How to Get Around Las Vegas

With the strip's flat topography, it's nearly possible to view the Stratosphere from Mandalay Bay on a clear day. But don't let the sightline fool you, the strip is actually 4.2 miles long. Thankfully, Las Vegas offers lots of options for transportation to get you around on and off the strip. And, public transportation options are a lot cheaper than you'd think. Below, we've detailed the easiest ways to navigate Sin City:

The Monorail

Perhaps the most efficient way to get up and down the strip, the Monoral arrives every 4 to 8 minutes at seven stations: MGM Grand, Paris/Bally's, Linq/Harrah's, Las Vegas Convention Center, Westgate, and SLS. Train hours run from 7 a.m. to midnight Mondays, 7 a.m. to 2 a.m. Tuesdays through Thursdays, and 7 a.m. to 3 a.m. on weekends, so you don't even have to watch the clock. And it's pretty reliable. The Las Vegas Monorail has carried more than 80 million riders since opening and boasts a 99-percent service rate. Not only an eco-friendly option due to its status as mass transit, the Monorail is 100-percent electric and runs with zero emissions.

With mobile ticketing, riders can get a one-ride pass for $5, day pass for $13, two-day pass for $23, three-day pass for $29, four-day pass for $36, five-day pass for $43, and a week pass for $56. If you're local, Nevada residents only pay $1 per ride. (Note that there is a two-ticket purchase limit per day.) The best news for families? Children five and under ride free, so this is a great economic option for families that's also good for the environment.

If your hotel doesn't have monorail access, never fear?the following hotels offer free shuttles to the nearest monorail stop: Sam's Town, Orleans/Gold Coast, M Resort Spa & Casino, Palace Station, Green Valley Ranch, and South Point Hotel.

The Deuce

Feeling lucky? The Deuce on the Strip is a great way to sightsee and get around at the same time. Double-decker vehicles run from the Fremont Street Experience downtown to Mandalay Bay. Stops are made at nearly every hotel on the route. Running 24/7, the Deuce on the Strip is a great option for late-night partiers who want to stay out past the monorail's hours. The bus runs from 7 a.m. to 2 a.m. every 15 minutes and from 2 a.m. to 7 a.m. every 20 minutes.

Rushing from one major stop to another? The Strip & Downtown Express has a larger route--starting at the LV Premium outlets and running to the South Strip Transfer Terminal--and makes select stops in between. For example, you can get from Stratosphere to Bellagio in only three stops. The Express runs 9 a.m. to midnight every 15 minutes.

Fares are $6 for a two-hour all-access pass, $8 for a 24-hour all-access pass, and $20 for a three-day all-access pass. Tickets can be purchased on board, via the rideRTC transit app, or at a ticket vending machine. Exact fare is required to purchase tickets on the bus.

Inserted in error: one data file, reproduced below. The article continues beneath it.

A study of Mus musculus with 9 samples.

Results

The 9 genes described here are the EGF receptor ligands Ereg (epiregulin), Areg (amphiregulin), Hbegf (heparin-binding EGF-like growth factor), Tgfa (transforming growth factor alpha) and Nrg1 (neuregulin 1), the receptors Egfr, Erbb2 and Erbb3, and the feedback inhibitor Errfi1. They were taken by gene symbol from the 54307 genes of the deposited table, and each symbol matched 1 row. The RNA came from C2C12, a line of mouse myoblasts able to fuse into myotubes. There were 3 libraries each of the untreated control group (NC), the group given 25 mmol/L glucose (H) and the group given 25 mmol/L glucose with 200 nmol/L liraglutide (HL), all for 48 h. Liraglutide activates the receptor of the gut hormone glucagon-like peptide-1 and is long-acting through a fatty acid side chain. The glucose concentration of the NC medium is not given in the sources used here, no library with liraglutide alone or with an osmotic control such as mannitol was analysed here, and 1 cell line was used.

Like the Monorail, the Deuce has some benefits for locals and families. Nevada residents get 50-percent off the above-mentioned prices, and may be asked to show a valid Nevada idea on board. Additionally, children five years of age and younger ride free with a responsible adult.

If you're exploring larger Las Vegas, the RTC bus serves the region with lines to every neighborhood, with direct routes like the Golden Knights Express, which will get you to the game and back for $2 each way. Download the rideRTC transit app and use the trip planner for directions and schedules specific to your destination.

Driving

Driving to the strip is easier than you may think if you aren't planning on imbibing. Parking at the Casinos is surprisingly affordable, and several even offer free parking (including Circus Circus, SLS, Stratosphere, Treasure Island, Trump International Hotel, the Venetian, and the Wynn).

While many hotels offer self-park, some will only have a valet option (like Trump International, for example). In this case, remember to have a few bucks on you ($2 to $5 each time) to tip your valet.

Ride-Sharing & Taxis

If you like the idea of traveling by car but don't want to be on the road jostling with aggressive Taxi drivers yourself, there are plenty of ride-sharing and taxi options in Las Vegas. The city allows both Uber and Lyft, which are popular choices in Las Vegas. On ride-sharing apps, the cost varies depending on where you're going, and, when. During popular times (for example, if there is a post-concert rush), Uber will charge a "surge fare" that can be two or three times as much as the typical cost.

In this case, a Taxi might be preferable. Main hotels and venues typically have taxi lines waiting for you when you leave. But, remember that you can't hail a taxi on the strip like on Fifth Avenue in Manhattan. By law, the taxi must pick you up at a designated location, which your hotel/venue will provide. The fare depends on how long you are in the car, so it might be a little more expensive to go the same distance in traffic than if you get lucky and catch every green light.

If you're new to the city, be sure to give your cab driver specific instructions so that you take the most direct way possible. If you're coming from the airport, specifically ask them to take Swenson Avenue to your hotel, not the airport tunnel, which locals say can take much longer, especially in rush hour.

Limousine

You'll spot them as soon as you leave the airport-limos lined up to take you to the strip in style. If it's a special occasion, it's probably not as expensive as you might think, especially to carry a big group (about $10 per passenger). You get to arrive in style and leave an impression on the kids that they'll talk about for years to come.